Curtis on Tour makes stop in Carnegie Music Hall |

Curtis on Tour makes stop in Carnegie Music Hall

Mark Kanny
Courtesy of Curtis Institute of Music
Violinist Benjamin Schmid will appear with Curtis on Tour, presented by Chamber Music Pittsburgh on Nov. 18 at Pittsburgh’s Carnegie Music Hall.
Courtesy of Curtis Institute of Music
Clarinetist Sara Han will appear with Curtis on Tour, presented by Chamber Music Pittsburgh on Nov. 18 at Pittsburgh’s Carnegie Music Hall.

Music lovers know that great music schools can present concerts with professional grade satisfaction. America is blessed with many great music schools, and among them the Curtis Institute of Music occupies a special place.

Curtis was founded in Philadelphia in 1924, and has been tuition free since 1928 to ensure that artistic talent and promise are the sole criteria for attendance. It is a small school and very selective, accepting only 4% of applicants. Two of the world’s foremost piano virtuosi — Lang Lang and Yuja Wang — are Curtis alumni, yet its students are also noted for depth of musicality. Alumni are found in top orchestras, and some return to Curtis to teach, including members of the Pittsburgh Symphony

“Curtis is unique, not only in the United States, but in the whole world,” said legendary cellist Mstislav Rostropovich.

Curtis on Tour will be presented by Chamber Music Pittsburgh on Nov. 18 at Pittsburgh’s Carnegie Music Hall. The program is Ludwig van Beethoven’s Septet, and Krzysztof Penderecki’s Duo Concertante and Sextet.

Touring program

“Learn by doing” is one of the Curtis mottos. It has an endowed touring program featuring faculty and alumni playing with students. In November Curtis has sent out two touring ensembles, one to Asia and the other nearer to home. The Pittsburgh concert is one of four on the itinerary within driving distance of Philadelphia.

The contrast of Beethoven and Penderecki is interesting and enlightening.

The Beethoven Septet “was for a brief period his greatest hit to the point that he became sick of hearing about,” says David Ludwig, chair of composition studies at Curtis. The Pittsburgh Symphony played his bassoon concerto “Pictures from a Floating World” in May and June 2015.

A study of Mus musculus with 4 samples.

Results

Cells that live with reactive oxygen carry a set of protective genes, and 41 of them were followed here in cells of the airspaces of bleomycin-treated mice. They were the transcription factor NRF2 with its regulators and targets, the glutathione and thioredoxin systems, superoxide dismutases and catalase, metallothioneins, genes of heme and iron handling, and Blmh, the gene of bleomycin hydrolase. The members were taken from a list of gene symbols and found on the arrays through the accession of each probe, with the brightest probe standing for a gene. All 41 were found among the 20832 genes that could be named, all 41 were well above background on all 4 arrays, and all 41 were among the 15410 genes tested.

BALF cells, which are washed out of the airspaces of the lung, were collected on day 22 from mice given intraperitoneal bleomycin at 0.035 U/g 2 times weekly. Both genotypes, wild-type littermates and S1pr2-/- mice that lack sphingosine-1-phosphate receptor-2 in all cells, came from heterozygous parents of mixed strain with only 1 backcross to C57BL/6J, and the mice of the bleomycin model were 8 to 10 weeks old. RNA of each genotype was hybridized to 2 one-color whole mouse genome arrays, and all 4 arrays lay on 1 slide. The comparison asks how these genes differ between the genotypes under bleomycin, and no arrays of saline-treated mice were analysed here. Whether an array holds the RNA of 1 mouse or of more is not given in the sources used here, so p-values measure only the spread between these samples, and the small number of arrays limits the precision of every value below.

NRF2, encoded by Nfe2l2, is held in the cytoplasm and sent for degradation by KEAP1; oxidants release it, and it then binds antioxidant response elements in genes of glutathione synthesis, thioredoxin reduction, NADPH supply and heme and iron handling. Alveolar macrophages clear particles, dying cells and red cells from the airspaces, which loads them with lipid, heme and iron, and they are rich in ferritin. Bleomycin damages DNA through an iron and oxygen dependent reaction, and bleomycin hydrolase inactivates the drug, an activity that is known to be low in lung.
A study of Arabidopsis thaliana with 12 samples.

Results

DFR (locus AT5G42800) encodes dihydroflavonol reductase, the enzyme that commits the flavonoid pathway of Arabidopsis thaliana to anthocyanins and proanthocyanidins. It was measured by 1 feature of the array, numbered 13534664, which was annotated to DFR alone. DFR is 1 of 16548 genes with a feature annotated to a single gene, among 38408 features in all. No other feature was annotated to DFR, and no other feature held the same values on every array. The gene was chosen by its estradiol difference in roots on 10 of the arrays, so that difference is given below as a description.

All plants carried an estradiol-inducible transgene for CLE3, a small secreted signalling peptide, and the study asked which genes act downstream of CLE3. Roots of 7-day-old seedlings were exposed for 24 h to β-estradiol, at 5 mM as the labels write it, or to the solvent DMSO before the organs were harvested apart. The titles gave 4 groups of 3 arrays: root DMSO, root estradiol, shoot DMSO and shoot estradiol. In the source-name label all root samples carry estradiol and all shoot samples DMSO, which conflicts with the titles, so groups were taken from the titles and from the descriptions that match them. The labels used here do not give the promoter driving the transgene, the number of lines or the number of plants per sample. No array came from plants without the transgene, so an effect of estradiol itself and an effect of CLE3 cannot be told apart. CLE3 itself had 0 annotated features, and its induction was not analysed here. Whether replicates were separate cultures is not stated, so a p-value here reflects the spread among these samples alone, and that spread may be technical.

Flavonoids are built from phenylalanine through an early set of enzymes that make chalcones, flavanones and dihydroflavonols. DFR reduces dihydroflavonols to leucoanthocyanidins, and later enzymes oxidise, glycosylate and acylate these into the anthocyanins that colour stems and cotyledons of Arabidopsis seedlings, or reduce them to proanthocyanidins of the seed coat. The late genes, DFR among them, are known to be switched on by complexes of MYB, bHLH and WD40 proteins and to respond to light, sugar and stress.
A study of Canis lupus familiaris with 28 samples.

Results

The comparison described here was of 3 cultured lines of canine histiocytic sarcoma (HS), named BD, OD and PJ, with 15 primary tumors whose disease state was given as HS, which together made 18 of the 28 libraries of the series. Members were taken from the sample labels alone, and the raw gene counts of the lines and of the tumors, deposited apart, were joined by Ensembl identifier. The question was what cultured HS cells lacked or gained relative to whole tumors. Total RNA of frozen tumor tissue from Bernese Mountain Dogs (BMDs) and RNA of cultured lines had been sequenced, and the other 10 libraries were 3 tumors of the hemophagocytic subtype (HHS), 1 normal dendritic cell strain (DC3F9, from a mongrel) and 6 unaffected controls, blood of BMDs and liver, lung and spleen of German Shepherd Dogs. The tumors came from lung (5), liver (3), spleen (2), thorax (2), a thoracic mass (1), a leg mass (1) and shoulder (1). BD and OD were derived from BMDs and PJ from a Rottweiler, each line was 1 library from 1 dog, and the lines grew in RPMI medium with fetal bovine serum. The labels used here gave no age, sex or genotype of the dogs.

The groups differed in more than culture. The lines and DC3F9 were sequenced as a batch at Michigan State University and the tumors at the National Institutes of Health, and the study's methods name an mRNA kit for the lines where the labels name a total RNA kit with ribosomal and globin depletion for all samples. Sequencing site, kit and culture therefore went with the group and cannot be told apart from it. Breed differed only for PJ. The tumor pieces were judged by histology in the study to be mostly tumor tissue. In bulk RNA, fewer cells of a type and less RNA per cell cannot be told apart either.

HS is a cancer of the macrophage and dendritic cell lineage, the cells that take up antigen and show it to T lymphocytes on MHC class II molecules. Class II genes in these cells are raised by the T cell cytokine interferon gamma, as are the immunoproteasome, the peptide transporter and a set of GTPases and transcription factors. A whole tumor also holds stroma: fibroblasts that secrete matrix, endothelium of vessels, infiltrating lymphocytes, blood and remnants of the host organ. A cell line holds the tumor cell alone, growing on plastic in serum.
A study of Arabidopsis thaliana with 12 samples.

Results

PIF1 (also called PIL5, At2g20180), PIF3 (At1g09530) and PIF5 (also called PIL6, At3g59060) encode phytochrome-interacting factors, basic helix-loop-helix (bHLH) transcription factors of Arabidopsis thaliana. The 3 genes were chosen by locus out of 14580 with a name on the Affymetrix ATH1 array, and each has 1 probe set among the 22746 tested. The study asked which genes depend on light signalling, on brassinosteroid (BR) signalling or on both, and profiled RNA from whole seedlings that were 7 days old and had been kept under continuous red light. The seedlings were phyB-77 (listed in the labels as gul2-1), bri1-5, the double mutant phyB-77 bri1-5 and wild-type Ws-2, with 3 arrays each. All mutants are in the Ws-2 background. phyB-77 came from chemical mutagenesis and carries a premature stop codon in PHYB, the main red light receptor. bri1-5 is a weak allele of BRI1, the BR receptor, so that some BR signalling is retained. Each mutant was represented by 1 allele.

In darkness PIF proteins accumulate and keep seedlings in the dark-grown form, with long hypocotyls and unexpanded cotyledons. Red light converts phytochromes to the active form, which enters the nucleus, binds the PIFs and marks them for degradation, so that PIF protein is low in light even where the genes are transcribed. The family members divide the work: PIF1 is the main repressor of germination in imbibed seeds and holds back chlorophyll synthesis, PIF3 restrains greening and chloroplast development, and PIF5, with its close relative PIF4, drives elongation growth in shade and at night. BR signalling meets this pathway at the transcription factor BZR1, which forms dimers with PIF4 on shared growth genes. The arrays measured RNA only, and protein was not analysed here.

Beethoven “was at the threshold of his big career and it’s still an innovative piece. It’s just that the spirit and energy of the piece is very accessible to people. They really flocked to it.”

The Penderecki Sextet was written late in his career.

“It’s a really substantial piece, about a half an hour long. Penderecki embraces old forms with a lot of different characters,” says Ludwig. “What’s interesting about the two pieces artistically is the paths the composers took. Beethoven was to get more complex, more avant-garde as he got older, whereas Penderecki became more interested in finding clarity.

“The Sextet was written in 2000 and features the instruments with a great deal of character and emotion that would have been rejected in the modernist period in the middle of the last century. It is very, very different from the earlier pieces Penderecki is known for,” such as “Threnody for the Victims of Hiroshima,” which was written in 1960.

Marcus Elliott Gaved, double bass, is one of the students in the touring ensemble. He started bass at 8 after a year on violin, and transferred to Curtis after a year at the Royal College of Music in his native London. He was drawn to Curtis by the school’s value system and by the presence of two great bass players on the faculty — Harold Robinson, principal of the Philadelphia Orchestra, and Edgar Meyer, the world’s foremost bass soloist.

Gaved will play the Beethoven and Penderecki’s Duo Concertante with violinist, alumnus and faculty member Benjamin Schmid.

Gaved says there’s not much repertoire for violin and bass, basically just one piece by Giovanni Bottesni, another by Edgar Meyer and this one.

“The Penderecki is brief, showy and very dramatic,” he adds. “There’s a strong sense of dialogue. That’s what it’s based on.”

Mark Kanny is a Tribune-Review contributing writer.